Too vague, too much left to rule-making, too wide in terms of exemptions for government agencies. These are some of the criticisms that experts have voiced against the Digital Personal Data Protection Bill, 2022.
The bill mentions the phrase “as may be prescribed” 18 times. This is symbolic of the vague and unchecked powers that the government has retained for itself to frame rules at a later stage in the absence of legislative guidance, the Internet Freedom Foundation.
The devil lies in its silence, Vidhi Legal’s Alok Prasanna Kumar, arguing that while the Bill provides for the creation of a Data Protection Board of India, it is shorn of details on what such a board will look like and what it will do.
But not everyone is seeing the Digital Personal Data Protection Bill, 2022 in this light.
Rahul Matthan, partner at Trilegal, who has been closely associated with India’s data protection journey, told BQ Prime that the proposed bill is good law.
According to him, when the Justice Srikrishna Committee floated its draft, the first thought was, ”Why are you giving us something so complex? We are just starting out into this data protection journey in this country, and you’re giving us a GDPR style law and then every successive draft has become more and more complex”.
The second thing is that we tend to forget that when you regulate technology, more detail is worse because technology, as we have seen in so many instances, far outstrips the ability of lawmakers to legislate on, he said.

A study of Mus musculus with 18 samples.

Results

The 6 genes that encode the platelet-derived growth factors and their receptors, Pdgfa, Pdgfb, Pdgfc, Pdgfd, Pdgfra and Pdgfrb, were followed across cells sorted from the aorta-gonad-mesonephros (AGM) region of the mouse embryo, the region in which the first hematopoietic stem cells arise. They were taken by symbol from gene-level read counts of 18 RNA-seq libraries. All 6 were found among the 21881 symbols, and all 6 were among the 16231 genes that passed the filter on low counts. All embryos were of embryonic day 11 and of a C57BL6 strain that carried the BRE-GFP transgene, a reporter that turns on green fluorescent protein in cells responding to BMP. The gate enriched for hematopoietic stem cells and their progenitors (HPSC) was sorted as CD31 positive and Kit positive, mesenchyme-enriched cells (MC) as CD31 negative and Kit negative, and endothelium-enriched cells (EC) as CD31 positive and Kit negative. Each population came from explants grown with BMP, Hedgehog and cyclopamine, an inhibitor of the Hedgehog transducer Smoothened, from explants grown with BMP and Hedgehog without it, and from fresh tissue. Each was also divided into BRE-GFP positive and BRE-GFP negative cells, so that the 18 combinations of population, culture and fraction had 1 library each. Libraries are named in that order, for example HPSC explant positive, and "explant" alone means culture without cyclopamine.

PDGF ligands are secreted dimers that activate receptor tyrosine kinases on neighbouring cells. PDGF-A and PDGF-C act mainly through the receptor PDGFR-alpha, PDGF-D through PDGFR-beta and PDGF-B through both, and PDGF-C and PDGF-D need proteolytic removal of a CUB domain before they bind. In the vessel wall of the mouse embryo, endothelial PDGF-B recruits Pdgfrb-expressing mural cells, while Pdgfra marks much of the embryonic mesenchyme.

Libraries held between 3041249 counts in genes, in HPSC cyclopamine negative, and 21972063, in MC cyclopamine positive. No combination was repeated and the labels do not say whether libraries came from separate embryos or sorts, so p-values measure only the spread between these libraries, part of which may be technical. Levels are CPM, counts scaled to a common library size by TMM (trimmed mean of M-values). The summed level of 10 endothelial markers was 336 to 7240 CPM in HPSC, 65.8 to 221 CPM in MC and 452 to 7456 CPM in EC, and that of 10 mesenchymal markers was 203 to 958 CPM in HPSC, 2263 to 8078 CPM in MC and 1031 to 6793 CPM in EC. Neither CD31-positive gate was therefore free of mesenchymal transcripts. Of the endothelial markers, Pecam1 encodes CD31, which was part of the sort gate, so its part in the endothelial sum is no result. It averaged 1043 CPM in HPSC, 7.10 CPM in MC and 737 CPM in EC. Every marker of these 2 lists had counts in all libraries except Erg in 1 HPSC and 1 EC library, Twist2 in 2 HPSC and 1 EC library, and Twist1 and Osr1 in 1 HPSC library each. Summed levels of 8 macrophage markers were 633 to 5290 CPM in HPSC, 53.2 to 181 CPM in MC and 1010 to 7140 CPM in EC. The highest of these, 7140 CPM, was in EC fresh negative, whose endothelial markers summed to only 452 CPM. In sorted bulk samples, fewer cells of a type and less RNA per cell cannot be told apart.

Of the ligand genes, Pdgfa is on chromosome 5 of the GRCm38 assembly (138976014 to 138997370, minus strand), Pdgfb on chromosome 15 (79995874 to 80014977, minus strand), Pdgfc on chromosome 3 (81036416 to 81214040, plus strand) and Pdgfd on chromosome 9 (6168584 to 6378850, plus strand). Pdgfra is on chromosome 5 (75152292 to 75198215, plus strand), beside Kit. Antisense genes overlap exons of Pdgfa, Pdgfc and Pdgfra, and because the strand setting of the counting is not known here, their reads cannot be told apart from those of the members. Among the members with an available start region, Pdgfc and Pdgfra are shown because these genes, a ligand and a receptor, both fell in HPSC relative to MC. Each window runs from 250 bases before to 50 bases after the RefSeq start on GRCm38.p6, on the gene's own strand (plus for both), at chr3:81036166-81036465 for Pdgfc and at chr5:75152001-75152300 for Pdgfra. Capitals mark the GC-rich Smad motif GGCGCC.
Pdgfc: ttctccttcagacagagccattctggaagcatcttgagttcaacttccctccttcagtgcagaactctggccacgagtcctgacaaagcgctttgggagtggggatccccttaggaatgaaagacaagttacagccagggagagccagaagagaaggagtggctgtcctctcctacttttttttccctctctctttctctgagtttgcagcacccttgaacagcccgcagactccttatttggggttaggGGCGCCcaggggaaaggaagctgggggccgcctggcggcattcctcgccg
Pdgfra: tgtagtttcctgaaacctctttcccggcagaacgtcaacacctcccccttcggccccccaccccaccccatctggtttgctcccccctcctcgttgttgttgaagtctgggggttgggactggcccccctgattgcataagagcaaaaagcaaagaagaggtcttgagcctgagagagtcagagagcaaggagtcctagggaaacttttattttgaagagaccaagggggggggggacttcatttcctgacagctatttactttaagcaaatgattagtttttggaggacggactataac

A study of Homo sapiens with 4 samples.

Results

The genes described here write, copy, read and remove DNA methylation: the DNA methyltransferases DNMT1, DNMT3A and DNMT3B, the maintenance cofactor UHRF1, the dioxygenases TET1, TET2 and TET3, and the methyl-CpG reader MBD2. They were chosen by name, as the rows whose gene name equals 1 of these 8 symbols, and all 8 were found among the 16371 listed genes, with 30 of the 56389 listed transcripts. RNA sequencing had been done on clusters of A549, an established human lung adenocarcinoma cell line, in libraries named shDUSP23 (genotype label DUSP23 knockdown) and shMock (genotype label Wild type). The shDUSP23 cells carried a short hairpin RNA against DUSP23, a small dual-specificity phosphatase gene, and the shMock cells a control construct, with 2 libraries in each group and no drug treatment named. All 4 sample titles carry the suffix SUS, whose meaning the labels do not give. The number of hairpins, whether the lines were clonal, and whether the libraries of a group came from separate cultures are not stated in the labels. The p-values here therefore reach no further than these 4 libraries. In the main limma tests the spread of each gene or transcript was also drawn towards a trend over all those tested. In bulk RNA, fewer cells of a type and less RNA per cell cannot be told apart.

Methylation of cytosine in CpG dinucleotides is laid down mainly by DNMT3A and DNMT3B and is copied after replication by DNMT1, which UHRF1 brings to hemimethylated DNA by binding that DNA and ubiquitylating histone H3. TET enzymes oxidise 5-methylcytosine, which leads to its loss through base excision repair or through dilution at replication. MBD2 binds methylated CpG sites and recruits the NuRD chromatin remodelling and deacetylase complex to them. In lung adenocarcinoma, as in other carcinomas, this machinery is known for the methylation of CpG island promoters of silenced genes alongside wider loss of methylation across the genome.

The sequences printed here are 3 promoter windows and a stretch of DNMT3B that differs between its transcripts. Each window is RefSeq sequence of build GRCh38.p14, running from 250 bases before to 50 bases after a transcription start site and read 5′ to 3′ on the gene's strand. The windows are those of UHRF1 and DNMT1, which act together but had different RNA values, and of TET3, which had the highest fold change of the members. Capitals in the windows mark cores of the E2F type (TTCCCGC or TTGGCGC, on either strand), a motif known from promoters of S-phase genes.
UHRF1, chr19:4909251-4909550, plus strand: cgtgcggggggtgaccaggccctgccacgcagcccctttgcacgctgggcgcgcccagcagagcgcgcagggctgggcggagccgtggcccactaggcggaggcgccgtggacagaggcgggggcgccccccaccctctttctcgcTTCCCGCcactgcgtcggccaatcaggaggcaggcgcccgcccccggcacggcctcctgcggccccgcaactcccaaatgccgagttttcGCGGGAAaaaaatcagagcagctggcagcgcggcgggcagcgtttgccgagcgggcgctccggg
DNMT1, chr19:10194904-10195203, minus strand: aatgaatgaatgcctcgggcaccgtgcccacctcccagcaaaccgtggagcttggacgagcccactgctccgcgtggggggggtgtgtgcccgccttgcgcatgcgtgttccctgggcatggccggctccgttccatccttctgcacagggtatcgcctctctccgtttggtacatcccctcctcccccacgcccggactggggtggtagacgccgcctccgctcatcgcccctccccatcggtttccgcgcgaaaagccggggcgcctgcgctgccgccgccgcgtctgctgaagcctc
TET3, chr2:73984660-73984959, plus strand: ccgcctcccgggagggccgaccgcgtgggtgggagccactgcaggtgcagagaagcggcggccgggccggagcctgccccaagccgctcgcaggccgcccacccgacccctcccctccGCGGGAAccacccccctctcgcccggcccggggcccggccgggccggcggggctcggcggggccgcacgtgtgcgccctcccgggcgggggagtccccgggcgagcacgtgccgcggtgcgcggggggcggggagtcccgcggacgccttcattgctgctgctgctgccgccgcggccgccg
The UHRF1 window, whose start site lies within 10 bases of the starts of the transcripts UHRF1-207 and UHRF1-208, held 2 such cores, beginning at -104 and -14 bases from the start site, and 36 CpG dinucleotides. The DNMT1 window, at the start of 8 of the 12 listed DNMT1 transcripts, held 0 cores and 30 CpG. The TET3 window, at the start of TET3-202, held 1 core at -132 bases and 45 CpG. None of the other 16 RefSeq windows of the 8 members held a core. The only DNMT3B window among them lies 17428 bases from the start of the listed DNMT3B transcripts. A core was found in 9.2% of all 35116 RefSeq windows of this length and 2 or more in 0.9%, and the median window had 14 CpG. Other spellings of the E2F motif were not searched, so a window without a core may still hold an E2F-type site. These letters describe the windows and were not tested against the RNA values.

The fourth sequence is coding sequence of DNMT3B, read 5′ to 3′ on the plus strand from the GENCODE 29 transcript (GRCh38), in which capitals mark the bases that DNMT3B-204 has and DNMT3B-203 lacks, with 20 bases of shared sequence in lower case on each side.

“For a while, I have been talking about principle-based legislation; that we have got to legislate principles and then have agile governance in order to deal with evolving technologies, and so, for a principle-based framework, you need to have simple laws that can then be acted upon in response to the changing directions in which technology moves.”
But what about the fears that the government has given itself too much power to exempt its agencies from the rigors of the law?
Matthan says that nothing this law does or does not do is going to erode the rights that individuals have under the Constitution.
He highlighted that the government has to follow the oversight mechanism and guidelines that the Supreme Court has laid down in the , which interpreted the fundamental rights.
There is nothing that will be harmed by the fact that the word reasonable (in the way the government applies the exemptions) is not in this legislation, he said.
“You may say that it points to intent. Okay. But then, don’t catch them on this imagination that they have this intent. The first time the government does something wrong, go after them, go to court.”
That said, from a data principal or user’s perspective, there are two rights which the government should consider adding—the right to data portability and right to compensation for any harm that’s caused by a data fiduciary, Matthan suggested.
This right to data portability exists in Europe’s General Data Protection Regulation. Even before that, this concept existed and, as a strategy, Europe is doubling down on the right to data portability. California, too, has got a strong data portability provision. The OECD has got working groups on data portability, he said.
Two, right to compensation should be there, not just for data breach, but compensation also for any harm that’s caused. ”I think when we have a good definition of harm, it will be nice to see some consequences. Right now, there are just penalties but the people who are harmed don’t really get anything out of it,” he said.